I have no good reason for why this game took me two weeks to complete, aside from the fact that I've been dealing with real-life distractions, but, even so, I think I could have finished it faster. I've been finding any excuse to let my mind wander, even above and beyond the various unexpected chores that come along with moving.
I think the issue might be with Long Live the Queen, specifically. The game is short. It's not something you realize when you're first starting out. Then, all the unexpected deaths seem like they're cutting you off from this deep well of possibility. You die fifteen minutes in and it feels like a failure. You wonder how much more there could be, if only you could survive to see it.
But once you've beaten the game a few times, and unlocked the major critical paths, it becomes clear where the crisis points are. With enough foreknowledge, you can easily dodge all danger and get to the end with nothing but a bit of wounded pride. That's when you discover that the game is really only about 25 minutes long and your first potentially lethal encounter doesn't come until about halfway through.
Which isn't to say that I had Long Live the Queen completely figured out. Even after almost 29 hours, I still only had 27 out of 45 achievements. Towards the end, I was using an online guide to figure out new ways to die. For all that the main story became trivial, there are still quite a few unexplored corners I have yet to see.
And I think that was at the core of my feet-dragging. There was no real mental segregation between the part of my brain that grasped Long Live the Queen as a solved problem and the part that understood there was a lot left to explore. It felt like I had to break something that worked in order to get it to work in a slightly different way, and I've always had a hard time doing that (even in situations where the new way was an unambiguous upgrade).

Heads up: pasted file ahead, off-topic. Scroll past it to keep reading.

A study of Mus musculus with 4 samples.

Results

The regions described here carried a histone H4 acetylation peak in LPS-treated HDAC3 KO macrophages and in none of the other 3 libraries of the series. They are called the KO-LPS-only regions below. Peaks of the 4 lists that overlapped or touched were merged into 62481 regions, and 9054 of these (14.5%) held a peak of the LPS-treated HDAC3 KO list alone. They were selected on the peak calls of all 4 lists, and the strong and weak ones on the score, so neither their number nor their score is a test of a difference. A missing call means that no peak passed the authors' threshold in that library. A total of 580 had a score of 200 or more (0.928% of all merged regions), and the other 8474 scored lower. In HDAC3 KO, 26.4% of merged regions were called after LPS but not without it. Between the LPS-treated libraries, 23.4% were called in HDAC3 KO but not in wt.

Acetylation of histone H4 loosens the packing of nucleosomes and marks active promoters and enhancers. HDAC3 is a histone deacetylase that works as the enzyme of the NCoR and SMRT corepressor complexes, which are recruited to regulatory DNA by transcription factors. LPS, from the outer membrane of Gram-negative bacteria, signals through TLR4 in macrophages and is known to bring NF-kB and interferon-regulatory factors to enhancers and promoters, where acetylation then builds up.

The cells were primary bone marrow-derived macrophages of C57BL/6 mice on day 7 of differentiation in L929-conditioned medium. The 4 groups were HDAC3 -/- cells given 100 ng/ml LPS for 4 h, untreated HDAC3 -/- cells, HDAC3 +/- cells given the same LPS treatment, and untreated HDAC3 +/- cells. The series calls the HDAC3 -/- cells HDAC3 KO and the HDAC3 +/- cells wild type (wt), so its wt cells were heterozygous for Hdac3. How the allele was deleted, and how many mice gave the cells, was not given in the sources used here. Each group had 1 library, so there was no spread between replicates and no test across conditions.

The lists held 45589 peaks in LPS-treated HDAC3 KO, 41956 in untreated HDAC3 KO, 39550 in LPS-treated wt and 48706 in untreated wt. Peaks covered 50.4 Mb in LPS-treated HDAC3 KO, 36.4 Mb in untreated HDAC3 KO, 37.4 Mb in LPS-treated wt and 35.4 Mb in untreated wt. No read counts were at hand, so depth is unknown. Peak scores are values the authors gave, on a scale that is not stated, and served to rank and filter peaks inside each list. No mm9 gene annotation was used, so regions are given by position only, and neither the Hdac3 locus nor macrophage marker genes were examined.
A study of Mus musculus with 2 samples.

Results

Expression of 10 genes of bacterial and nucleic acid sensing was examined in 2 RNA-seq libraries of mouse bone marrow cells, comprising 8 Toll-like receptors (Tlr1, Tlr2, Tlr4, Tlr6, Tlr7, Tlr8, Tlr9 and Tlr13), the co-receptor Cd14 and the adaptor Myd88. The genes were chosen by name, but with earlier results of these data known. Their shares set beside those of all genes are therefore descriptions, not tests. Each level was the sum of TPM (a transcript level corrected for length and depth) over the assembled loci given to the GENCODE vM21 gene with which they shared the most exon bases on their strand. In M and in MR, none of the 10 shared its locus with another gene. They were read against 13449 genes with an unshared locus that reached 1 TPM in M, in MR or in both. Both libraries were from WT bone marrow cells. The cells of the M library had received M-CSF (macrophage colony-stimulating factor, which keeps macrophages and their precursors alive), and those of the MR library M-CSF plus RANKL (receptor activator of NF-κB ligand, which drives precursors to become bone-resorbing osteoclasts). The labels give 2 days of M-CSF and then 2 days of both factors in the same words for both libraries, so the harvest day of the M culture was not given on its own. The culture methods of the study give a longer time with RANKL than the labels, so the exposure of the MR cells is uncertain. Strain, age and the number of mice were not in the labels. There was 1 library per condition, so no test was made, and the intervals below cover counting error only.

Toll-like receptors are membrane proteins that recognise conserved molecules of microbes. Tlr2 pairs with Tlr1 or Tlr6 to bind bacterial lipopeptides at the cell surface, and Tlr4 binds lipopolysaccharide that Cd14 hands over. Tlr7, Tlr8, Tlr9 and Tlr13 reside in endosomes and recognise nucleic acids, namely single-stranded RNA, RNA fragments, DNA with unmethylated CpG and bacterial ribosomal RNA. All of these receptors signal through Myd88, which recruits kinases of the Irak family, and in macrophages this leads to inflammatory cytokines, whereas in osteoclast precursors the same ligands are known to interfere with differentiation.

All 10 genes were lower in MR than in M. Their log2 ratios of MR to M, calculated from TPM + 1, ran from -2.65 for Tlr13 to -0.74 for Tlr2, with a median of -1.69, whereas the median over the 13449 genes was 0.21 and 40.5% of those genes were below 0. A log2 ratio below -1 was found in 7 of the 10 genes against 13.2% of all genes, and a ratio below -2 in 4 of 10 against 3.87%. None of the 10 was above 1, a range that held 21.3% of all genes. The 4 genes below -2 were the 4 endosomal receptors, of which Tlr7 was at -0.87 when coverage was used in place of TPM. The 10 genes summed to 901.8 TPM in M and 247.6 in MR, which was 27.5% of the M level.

Finding the alternate endings is not like searching an already completed map for arbitrary collectibles (an activity I've always enjoyed). You don't have the security of a hub area or base to retreat to. Everything in Long Live the Queen is so path-dependent that even save scumming is of limited utility. You always have to start from scratch. And if you mistime a crucial training session, you are punished with seeing the exact same story you sat through a dozen times before.
That said, I'm about a million times happier than I was the last time I finished a visual novel. Granted, that visual novel was Sakura Spirit, but even leaving aside the weakness of the "competition," Long Live the Queen is a fun game with a lot to recommend to it. The juxtaposition of cute, anime-inspired graphics with unrelenting brutality and political cynicism is a charming formula and if you're not a stubborn idiot who insists on playing 20 hours in a row, the time-management, life-sim gameplay is an engaging strategic challenge.
It's also a great technical accomplishment, at least as far as the writing was concerned. The basic spine of the story is always the same, but it takes a lot of repetition to realize this, and even within that repeating framework, there are quite a few branches and side-stories that can give the story a significantly different feel. In fact, as late as my eighteenth hour (so, close to 26 total), I accidentally discovered a subplot that only triggered when you made two particular bad decisions in the early game. Yet for all of its hidden curve-balls, the story always felt very natural, with kind-hearted debutante Elodie and brutal witch-queen Elodie both fitting into the events as if they were the intended main character all along.
So, in the end Long Live the Queen is, for me, in the awkward position of being a game I love and admire, but which I regret trying to play in one big chunk. I feel like if I had spread the same 20 hours out over a dozen 1-2 hour session played over the course of a year, I never would have become quite so jaded about it. I don't know if I'll ever return to this game, but I do know that if I do, I'm not going to try and do everything at once.